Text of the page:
Canadian Medical Association calls for national senior healthcare strategy

The Canadian Medical Association (CMA) is calling for a comprehensive national strategy for senior healthcare. In its 2014 National Report Card, 95 percent of people over the age of 45 supported the formation of a national strategy for senior health care.

Canada’s aging health care system

Our health care system was created in the 1960’s. At that time, the average age was 27 and the system was designed to serve the needs of that age range by focusing on acute emergency care in hospitals. Now that the average Canadian age is 47, our needs have changed significantly and the focus can no longer be on acute care.

Dr. Chris Simpson, the President of the CMA, points out that “warehousing” seniors in emergency room hospital beds is wasting $2.3 Billion a year of taxpayer money. The CMA wants to see a national healthcare strategy that sees seniors getting the care they need. He says, “A patient in a hospital bed costs the system about $1,000 a day while long-term care costs about $130 a day and home care $55. We believe it is time all levels of government do the math and spend smarter.”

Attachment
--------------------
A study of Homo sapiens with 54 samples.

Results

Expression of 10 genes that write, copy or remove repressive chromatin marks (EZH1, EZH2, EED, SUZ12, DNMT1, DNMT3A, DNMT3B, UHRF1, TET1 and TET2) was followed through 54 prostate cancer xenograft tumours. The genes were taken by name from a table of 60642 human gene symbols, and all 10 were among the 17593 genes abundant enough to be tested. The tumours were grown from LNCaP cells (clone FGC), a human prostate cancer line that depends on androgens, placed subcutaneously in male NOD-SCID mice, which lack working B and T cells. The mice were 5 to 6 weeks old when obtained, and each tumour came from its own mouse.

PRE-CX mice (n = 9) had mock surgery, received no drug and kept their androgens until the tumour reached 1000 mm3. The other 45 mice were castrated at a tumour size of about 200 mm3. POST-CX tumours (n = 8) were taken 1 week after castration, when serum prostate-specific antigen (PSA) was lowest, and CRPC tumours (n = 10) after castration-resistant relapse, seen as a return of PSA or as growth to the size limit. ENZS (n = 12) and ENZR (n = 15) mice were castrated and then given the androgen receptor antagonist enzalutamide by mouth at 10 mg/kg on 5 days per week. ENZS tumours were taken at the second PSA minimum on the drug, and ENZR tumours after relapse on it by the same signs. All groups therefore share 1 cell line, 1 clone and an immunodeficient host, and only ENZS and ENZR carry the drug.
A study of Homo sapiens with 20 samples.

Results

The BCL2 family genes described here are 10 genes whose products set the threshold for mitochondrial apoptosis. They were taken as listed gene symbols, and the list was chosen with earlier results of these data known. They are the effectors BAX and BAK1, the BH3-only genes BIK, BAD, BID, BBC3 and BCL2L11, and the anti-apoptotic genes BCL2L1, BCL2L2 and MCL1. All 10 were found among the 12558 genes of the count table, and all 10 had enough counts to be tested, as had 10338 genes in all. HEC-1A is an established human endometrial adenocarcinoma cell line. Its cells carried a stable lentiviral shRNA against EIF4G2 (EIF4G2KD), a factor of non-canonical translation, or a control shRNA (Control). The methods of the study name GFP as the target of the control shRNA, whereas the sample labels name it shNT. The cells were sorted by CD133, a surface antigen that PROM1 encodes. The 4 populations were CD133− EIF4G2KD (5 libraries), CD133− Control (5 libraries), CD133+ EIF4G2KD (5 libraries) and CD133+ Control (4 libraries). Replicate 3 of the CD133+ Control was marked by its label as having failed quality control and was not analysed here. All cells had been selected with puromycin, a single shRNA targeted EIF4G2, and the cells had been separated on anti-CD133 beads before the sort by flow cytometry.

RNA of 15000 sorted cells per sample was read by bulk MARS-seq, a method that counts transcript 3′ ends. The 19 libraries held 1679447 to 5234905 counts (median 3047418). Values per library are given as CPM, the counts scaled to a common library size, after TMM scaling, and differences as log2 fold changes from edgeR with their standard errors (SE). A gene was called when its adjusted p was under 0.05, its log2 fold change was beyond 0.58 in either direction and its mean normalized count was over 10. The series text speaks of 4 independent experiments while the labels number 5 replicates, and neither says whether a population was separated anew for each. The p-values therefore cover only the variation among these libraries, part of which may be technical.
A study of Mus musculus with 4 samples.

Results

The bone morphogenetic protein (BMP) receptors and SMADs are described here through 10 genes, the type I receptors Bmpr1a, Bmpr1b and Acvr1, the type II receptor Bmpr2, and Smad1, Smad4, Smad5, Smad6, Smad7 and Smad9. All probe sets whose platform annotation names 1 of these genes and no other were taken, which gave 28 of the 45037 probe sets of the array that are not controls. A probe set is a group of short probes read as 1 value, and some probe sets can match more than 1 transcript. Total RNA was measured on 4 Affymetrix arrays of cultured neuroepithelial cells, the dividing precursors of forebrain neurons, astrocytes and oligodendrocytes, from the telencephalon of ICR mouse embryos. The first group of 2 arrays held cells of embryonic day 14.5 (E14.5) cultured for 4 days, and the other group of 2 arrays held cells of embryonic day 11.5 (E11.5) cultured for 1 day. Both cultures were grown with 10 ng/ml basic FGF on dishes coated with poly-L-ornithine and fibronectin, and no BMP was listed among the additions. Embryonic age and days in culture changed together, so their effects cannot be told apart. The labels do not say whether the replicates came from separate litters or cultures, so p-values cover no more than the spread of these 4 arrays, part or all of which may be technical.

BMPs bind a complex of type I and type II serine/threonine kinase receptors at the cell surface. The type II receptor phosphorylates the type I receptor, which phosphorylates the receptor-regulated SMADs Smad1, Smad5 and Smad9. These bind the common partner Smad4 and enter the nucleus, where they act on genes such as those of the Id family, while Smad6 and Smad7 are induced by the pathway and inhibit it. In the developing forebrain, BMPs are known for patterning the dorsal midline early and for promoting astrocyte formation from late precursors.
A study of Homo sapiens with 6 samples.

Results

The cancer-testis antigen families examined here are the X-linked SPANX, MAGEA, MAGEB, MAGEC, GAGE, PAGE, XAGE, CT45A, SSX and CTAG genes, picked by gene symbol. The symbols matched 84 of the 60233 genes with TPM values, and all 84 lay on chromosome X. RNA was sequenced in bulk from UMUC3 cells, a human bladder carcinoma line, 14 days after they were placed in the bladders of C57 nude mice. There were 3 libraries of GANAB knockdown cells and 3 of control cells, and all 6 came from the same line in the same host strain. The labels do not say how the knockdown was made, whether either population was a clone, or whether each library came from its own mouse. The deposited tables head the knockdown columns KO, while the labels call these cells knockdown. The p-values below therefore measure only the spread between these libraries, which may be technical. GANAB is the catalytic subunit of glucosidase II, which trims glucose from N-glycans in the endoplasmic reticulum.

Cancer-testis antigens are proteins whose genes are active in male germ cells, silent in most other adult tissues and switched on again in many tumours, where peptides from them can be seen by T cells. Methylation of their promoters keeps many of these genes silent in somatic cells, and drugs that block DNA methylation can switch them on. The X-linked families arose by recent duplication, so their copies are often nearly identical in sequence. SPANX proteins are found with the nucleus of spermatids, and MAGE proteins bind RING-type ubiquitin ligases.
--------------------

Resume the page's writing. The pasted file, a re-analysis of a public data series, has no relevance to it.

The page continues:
The population of Canadians 65 or older will double in the next 20 years, further compounding the current issues – and wasted money – in the Canadian health care system. According to Simpson, the only way to fight it is to create a national strategy for senior care with realistic and actionable goals.

Many baby boomers are currently caring for aging parents and are quickly becoming familiar with the inadequacies in the system that they themselves may face without necessary changes in place.

Quality end-of-life care a big issue

Good palliative care is only available to 16% of Canadians, according to the CMA Report Card. Simpson states that quality end-of-life care should not depend on what postal code you live in.

How the CMA plans to create a strategy

The CMA is hoping to make a national strategy for seniors care a focal point in the 2015 federal election. It is asking all political parties to state how they plan to address this issue in their policy platforms. While the onus for healthcare falls on provinces in the Canadian constitution, the CMA argues that federal support is needed to implement a strategy that works for all Canadian seniors.